Michael Vick's return to Atlanta filled with highs, lows, and an injury

Eagles quarterback Michael Vick evades and avoids Atlanta's Ray Edwards during the first quarter.
Eagles quarterback Michael Vick evades and avoids Atlanta's Ray Edwards during the first quarter. (YONG KIM / Staff Photographer)
Posted: September 19, 2011

ATLANTA - When the Eagles offense took the field to in the Georgia Dome on Sunday night, there was no mistaking the reception for Michael Vick. Maybe there were a few cheers from loyalists who remembered the best of times, but the cascading boos overwhelmed them.

The question is which Mike Vick were they booing? Was it the one who left the city in disgrace in 2007, or the one who has the temerity to return as a remade hero?

It would have been one thing for Vick to disappear from the stage after his time in prison, to try a comeback that didn't work, and simply fade out of view. Atlanta probably could have lived with that a lot easier than what has taken place.

Perhaps the popular story line is true. Vick was changed by what befell him and returned to the game as a man finally dedicated to his profession, finally mature enough to really lead a football team. It is a story of redemption for the player, sure, but when does the city of Atlanta get the same deal?

The fans are happy enough with Matt Ryan, but they remember what it was like here during The Michael Vick Thrill Ride when Vick brought the city together and then ripped it apart. The Falcons haven't won a playoff game since Vick left, and now he has the nerve to come back with a team good enough to keep Atlanta from a Super Bowl again. When does Atlanta get paroled?

So, yeah, Vick was booed and then the fans sat back and commenced to hold their breath for most of a very nasty football game. It was entertaining and Vick gave everybody a little of what they came for - whether it was the good or the bad. Before he had to come out of the game near the end of the third quarter with what was later deemed a concussion - the result of being spun around by a defender and crashing head on into Todd Herremans - Vick threw for two touchdowns and ran effectively, but also threw an interception and fumbled twice.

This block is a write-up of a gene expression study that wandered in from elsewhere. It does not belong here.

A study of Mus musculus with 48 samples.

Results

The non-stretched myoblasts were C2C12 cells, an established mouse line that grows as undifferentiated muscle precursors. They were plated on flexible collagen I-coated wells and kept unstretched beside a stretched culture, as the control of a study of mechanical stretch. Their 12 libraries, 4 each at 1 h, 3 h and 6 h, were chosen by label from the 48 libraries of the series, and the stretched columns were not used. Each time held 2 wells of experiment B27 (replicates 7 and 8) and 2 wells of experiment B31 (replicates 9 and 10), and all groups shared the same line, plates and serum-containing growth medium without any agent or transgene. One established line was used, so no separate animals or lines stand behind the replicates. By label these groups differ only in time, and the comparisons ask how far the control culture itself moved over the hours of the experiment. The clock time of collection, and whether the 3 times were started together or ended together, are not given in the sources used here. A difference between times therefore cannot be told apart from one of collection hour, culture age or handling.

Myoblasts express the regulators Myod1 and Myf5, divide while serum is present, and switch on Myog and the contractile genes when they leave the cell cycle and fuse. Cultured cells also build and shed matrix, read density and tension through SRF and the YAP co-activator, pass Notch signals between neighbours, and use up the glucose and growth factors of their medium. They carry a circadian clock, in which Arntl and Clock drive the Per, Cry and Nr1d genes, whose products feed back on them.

There was plenty to cheer for those so inclined, and plenty that made the rest not regret that Vick was no longer theirs. He juked away from trouble, but ran himself into it as well. He put the ball on target and then threw badly behind a receiver. Touchdowns and interceptions. Elusive runs and fumbles. It was as if Vick had assembled his own personal highlight and lowlight package and was offering a retrospective to the town that carried him before the fall.

It was almost all good near the start of the game as Vick took the Eagles on a 12-play drive for the first score of the game, a 6-minute, 50-second march that actually featured two touchdown passes, one that DeSean Jackson dropped and one that Jeremy Maclin caught.

When they got the touchdown, Vick turned and leaped into the arms of Herremans. It was a moment of release that Vick might have been waiting for in this stadium since Dec. 24, 2006, his previous game as a starter in the Georgia Dome.

The Eagles trailed 14-10 at the half, as Vick fumbled on consecutive possessions to stunt the offense, and an interception to start the second half helped set up another Atlanta touchdown that made it a 21-10 game.

But Vick took them to touchdowns and a 24-21 lead on their next two drives and had them in range of another when he was manhandled in the backfield and went helmet to helmet with Herremans, apparently wrenching his neck in the process.

And just like that Michael Vick was gone. Atlanta knows the feeling.

He was gone and the game was left to Ryan and Eagles backup Mike Kafka.

The Eagles, who had built a 10-point lead only to see it disappear, were trailing 35-31 when Kafka started them on the drive that would probably decide the outcome. He started them at their own 9-yard line, tossed a long completion to Maclin, kept the chains moving and kept giving the Eagles a chance to pull out the win. It was impressive, even though it fell short.

But there is little question - all right, no question - the Eagles would have preferred to have a healthy Michael Vick out there.

The funny thing is, after all this time and after all that happened, the same might still go for the Falcons.

Contact columnist Bob Ford at bford@phillynews.com and read his columns at www.philly.com/bobford and his blog at http://www.philly.com/postpatterns.